April 12, 2016

Monday, April 28, 2014

Source Poems: "[Buffalo Bill's]"

For National Poetry Month 2014, I have invited 17 authors and poets to guest post about source poems. In this series of essays, each writer will describe a single poem's significance in his or her life.

Guest blogger Tim Ward -- a poet and poetry lover here in Baltimore -- is having computer problems. 

I am posting Tim's source poem, even though he was unable to send a post. Tim's choice holds significance for many people -- both poets and laypersons. I invite you to leave a comment about e.e. cummings' "[Buffalo Bill's]" in the hope that, when Tim gets back online, he'll have your feedback on the poem to engage with.

Tim Ward (left), friend, and The Word Pimp
at the Baltimore Book Festival
From Tim:

I had always told my mom I would try to write my stories and poems, so when she died in 2006, I decided to honor my own and her wishes.

In high school, I first became acquainted with e.e. cummings and figured if it was OK to write that like for e.e., then it was a good way for me to begin.

I seem to thrive with short poems of my own grammar, and get lost in longer verses.

[Buffalo Bill 's]
Buffalo Bill 's
                     who used to
                     ride a watersmooth-silver
and break onetwothreefourfive pigeonsjustlikethat

he was a handsome man
                                                            and what i want to know is
how do you like your blueeyed boy
Mister Death

From Laura:

How many readers remember the thrill, the drop in your stomach, the first time you read this poem? In poetry, we often talk about the turn, when a poem moves in a new and surprising direction. I think reading "[Buffalo Bill's]" was the first time I really understood the power of a turn.

e.e. cummings
From the Language Arts Place
Please leave a message for Tim or feedback about this poem in the comments.

Watch and listen to a waltz inspired by cummings' poem here:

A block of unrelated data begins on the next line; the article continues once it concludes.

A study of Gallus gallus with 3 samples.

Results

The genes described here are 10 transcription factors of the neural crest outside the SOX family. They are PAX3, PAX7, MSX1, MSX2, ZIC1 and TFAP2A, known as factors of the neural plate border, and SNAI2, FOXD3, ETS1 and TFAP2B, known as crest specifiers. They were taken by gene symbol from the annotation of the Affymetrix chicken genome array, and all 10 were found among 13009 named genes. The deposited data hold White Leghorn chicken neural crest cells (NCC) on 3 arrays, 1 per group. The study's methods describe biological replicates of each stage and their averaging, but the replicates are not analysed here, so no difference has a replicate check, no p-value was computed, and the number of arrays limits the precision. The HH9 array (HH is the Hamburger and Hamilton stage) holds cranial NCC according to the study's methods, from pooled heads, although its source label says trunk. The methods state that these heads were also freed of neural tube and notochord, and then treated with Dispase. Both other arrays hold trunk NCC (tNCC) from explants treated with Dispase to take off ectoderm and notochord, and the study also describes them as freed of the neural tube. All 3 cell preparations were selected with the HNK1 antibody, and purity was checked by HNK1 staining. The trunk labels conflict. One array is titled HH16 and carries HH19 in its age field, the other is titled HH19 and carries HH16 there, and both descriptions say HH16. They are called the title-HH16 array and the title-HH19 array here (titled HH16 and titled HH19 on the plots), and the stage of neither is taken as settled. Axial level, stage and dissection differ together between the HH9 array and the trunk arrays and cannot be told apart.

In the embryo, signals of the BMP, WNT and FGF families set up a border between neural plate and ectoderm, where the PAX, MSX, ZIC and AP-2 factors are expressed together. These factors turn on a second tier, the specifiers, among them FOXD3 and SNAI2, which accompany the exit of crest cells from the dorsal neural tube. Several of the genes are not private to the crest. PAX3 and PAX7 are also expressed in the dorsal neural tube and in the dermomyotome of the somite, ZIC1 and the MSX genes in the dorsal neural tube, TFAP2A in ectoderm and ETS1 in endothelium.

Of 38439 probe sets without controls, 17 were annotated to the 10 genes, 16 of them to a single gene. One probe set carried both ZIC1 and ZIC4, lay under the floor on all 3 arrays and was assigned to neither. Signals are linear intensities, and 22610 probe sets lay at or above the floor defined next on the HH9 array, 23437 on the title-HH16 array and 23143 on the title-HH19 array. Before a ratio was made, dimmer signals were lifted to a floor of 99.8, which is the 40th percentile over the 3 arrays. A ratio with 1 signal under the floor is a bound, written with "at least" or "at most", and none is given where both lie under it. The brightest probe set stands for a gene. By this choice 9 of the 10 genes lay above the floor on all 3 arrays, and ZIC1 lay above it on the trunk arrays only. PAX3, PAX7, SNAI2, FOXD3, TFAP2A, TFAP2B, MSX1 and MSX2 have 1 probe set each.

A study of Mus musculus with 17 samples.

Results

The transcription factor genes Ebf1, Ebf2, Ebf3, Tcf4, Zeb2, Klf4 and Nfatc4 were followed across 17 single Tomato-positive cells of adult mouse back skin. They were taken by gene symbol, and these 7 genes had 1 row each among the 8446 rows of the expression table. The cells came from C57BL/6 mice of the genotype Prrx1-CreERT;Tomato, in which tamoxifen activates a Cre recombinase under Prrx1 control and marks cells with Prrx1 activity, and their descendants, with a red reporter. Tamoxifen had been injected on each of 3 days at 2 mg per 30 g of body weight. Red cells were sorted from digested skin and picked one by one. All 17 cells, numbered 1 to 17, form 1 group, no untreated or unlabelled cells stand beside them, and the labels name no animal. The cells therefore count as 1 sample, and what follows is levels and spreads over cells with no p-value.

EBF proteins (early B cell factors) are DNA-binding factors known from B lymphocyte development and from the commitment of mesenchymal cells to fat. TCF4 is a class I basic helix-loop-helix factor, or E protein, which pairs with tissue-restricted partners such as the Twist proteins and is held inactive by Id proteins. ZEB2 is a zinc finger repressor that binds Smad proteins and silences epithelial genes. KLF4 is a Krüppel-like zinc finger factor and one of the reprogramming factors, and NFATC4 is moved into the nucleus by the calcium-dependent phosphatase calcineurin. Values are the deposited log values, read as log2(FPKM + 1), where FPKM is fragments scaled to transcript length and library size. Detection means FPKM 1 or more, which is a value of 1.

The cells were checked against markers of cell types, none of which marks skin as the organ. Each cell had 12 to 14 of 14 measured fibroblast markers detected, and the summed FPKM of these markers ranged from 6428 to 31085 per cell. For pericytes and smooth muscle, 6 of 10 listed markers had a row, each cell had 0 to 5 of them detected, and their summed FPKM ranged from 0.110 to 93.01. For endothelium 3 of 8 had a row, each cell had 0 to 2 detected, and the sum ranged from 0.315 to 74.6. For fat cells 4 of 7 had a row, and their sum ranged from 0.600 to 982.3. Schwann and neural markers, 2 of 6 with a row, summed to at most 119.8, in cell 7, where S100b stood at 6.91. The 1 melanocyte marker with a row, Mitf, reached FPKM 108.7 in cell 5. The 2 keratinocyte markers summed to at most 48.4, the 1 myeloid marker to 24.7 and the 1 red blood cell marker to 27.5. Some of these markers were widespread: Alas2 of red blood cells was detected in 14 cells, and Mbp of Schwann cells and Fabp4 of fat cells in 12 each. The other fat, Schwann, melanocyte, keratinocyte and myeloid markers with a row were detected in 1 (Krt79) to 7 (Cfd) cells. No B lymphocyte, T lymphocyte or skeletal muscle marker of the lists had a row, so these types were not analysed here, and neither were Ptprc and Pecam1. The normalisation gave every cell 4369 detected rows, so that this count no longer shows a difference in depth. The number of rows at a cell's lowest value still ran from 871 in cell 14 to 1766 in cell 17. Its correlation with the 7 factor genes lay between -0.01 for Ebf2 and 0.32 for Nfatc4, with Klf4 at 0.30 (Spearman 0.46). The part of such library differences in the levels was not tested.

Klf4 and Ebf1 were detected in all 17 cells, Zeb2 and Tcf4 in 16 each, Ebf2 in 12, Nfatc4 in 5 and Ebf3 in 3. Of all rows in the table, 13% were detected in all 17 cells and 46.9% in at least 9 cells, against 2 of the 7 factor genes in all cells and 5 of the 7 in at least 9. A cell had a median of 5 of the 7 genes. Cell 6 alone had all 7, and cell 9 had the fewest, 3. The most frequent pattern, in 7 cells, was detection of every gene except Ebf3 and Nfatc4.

Previous posts in this series:
Diane Mayr on a haiku by Basho
Shirley Brewer on "The Singers" by Eavan Boland
Renee LaTulippe on "Daddy" by Sylvia Plath


Anonymous said...

The "turn" is a maneuver I much admire and never attempt. For me most of the examples that spring to mind are Billy Collins poems.

Author Amok said...

Many of Kay Ryan's poems have a little turn at the end, but the one I'm thinking of is by Charles Wright. Will look up the title and post a link later today.

skanny17 said...

When I work with my 3rd graders on poetry and about poetry and with poetry in many ways and from many angles, I like to tell them that a poet is a "word artist" and 8 year olds relate to this. They accept all the varieties of styles and types of poems for face value. Showing them e.e.cummings and poems like this help to get the point across that I make to them. When writing a poem that you want someone to "notice" (broadly defined) I suggest they put some "heart" in the poem somewhere...not something sappy, but something that makes the reader go, "ohhhhhh" so the reader will think "that touched me in some way"...a whole range of emotions to go with the "ohhhhh", have a surprise ending that is a turn of sorts and not silly, unless silly fits the poem and select words and line breaks with care. Then read it aloud. Ask yourself, "does my poem matter"? It is an effort to move from the little "ditties" some kids think a poem has to be. I want them to be a wise writer who thinks of a reader's reaction, "oh that poem makes me thinks or touches me in some way." And a poem can be anything. Poets are word artists. And sometimes it is hard to truly know what the poem means, so give it some time, think about it, live with it and come back to view it again. This poem, Buffalo Bill, calls for that, I think.

Linda B said...

I had a wonderful English teacher my final two years in high school. She didn't just rely on the old favorites, but brought us into "new" writing too. I don't remember if it was this poem, but do remember Cummings "In Just Spring" with her glorying in this wonder of a poem. It was an "opening" for us.

Patricia VanAmburg said...

I like "Bufallo Bill's" and also "In Just Spring"--but my favorite cumming's poem is Gladly Beyond anywhere I have Never Travelled--not even the rain has such small hands.